BioQuakes

AP Biology class blog for discussing current research in Biology

Playing God: New Technology Gives Scientists the Ability to Delete DNA

Since the relatively recent discovery of CRISPR-Cas9, scientists have explored multiple uses of this new technology, from eliminating a patient’s cancer to making super plants, furthering our understanding of DNA and how it works. CRISPR-Cas9 has become the most advanced and efficient gene-editing tool there is. However, thus far, its use has been largely limited to silencing protein-coding genes in the DNA. This leaves out what’s called the DNA “dark matter” — the non-coding DNA that covers about 99 percent of our genetic code. That’s about to change; this article from Futurism explains how a recent study from PLOS Computational Biology is creating a new technique, based on CRISPR, but delving deeper into this unexplored territory.

This brand-new software technology called CRISPETa evolved from a breakthrough tool (which uses CRISPR-Cas9) called DECKO. DECKO was designed for deleting pieces of non-coding DNA using two sgRNAs as molecular scissors. While the concept might seem simple, designing deletion experiments using DECKO was time-consuming due to the lack of software to create the required sgRNAs.

This is where the new tool, CRISPETa, comes in. According to the report, users can tell CRISPETa which region of DNA they wish to delete. The software then generates a pair of optimized sgRNAs that can be used directly for that experiment. Pulido, leader of the research team, stated that “We hope that this new software tool will allow the greatest possible number of researchers to harness the power of CRISPR deletion in their research.”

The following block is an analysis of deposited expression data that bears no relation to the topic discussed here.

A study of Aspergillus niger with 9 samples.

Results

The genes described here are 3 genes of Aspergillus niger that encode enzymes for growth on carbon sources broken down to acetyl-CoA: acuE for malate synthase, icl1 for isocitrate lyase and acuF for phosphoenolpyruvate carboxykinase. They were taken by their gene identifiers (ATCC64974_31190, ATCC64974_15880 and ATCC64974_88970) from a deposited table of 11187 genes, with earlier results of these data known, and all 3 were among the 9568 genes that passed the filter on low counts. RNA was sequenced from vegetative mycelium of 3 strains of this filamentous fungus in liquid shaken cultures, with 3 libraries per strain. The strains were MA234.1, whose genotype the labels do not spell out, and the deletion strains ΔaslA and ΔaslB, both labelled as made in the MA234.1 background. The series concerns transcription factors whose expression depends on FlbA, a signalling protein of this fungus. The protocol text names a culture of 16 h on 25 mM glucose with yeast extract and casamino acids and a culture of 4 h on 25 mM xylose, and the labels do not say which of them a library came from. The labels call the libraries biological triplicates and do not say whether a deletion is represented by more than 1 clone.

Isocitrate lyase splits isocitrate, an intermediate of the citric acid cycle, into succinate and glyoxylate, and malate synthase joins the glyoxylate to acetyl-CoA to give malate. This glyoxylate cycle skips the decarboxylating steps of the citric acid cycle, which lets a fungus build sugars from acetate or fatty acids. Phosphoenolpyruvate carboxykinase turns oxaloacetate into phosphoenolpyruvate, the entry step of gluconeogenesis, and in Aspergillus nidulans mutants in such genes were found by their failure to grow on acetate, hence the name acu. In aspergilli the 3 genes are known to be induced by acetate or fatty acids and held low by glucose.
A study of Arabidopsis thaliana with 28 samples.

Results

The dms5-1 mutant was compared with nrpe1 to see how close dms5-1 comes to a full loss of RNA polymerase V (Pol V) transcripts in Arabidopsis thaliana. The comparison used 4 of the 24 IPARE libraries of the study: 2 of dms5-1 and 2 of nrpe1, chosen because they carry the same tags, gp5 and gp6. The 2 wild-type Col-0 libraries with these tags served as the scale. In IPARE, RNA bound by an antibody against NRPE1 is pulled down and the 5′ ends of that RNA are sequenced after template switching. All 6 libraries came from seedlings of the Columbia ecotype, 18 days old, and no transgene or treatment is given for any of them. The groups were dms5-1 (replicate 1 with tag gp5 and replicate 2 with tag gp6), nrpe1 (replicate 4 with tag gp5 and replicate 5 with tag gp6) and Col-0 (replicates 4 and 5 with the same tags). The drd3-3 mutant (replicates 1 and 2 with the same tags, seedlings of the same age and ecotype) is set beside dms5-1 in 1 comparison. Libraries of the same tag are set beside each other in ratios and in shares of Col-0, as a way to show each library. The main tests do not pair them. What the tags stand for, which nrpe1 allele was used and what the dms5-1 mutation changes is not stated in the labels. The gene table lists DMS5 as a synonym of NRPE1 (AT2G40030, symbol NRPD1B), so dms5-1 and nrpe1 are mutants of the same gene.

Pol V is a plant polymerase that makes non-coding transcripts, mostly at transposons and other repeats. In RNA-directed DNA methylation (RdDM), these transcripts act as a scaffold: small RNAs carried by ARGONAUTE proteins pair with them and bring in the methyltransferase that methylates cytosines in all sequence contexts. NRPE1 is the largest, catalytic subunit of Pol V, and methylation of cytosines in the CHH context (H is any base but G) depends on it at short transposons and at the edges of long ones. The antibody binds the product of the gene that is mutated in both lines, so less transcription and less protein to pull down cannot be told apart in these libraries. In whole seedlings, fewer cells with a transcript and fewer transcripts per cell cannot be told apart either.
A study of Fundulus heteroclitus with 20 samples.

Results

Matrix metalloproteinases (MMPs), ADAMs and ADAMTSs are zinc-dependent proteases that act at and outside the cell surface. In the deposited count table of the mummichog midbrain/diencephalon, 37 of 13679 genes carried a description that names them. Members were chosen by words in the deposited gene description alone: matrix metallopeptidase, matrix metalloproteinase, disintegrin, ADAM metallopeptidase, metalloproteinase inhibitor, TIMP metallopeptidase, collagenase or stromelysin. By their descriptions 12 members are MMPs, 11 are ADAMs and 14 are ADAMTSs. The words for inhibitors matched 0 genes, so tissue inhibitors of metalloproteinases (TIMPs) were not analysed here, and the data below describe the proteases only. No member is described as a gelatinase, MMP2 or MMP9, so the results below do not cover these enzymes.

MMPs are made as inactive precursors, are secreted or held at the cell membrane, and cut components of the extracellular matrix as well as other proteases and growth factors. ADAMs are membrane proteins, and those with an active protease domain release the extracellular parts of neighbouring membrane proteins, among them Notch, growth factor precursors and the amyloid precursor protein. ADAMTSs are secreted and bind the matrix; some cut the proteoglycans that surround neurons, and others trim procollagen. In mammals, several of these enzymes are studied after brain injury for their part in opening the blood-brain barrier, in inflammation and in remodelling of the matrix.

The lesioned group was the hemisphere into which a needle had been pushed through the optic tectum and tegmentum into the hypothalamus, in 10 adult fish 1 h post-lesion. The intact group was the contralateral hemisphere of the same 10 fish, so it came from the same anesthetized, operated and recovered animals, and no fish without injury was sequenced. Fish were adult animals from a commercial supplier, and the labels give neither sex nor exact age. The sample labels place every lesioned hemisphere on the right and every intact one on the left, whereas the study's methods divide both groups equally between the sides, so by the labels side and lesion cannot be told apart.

The software has already demonstrated its efficiency in deleting desired targets in human cells. The research team hopes that its use will go beyond a basic research tool, and be utilized as “a powerful therapeutic to reverse disease-causing mutations,” Johnson added. Herein lies the hidden value of CRISPR-Cas9 and all further developments from it: The more we understand DNA and genomics, the better we will be able to fight diseases and other aspects of human life that cause harm, ultimately leading to a higher quality of life for all.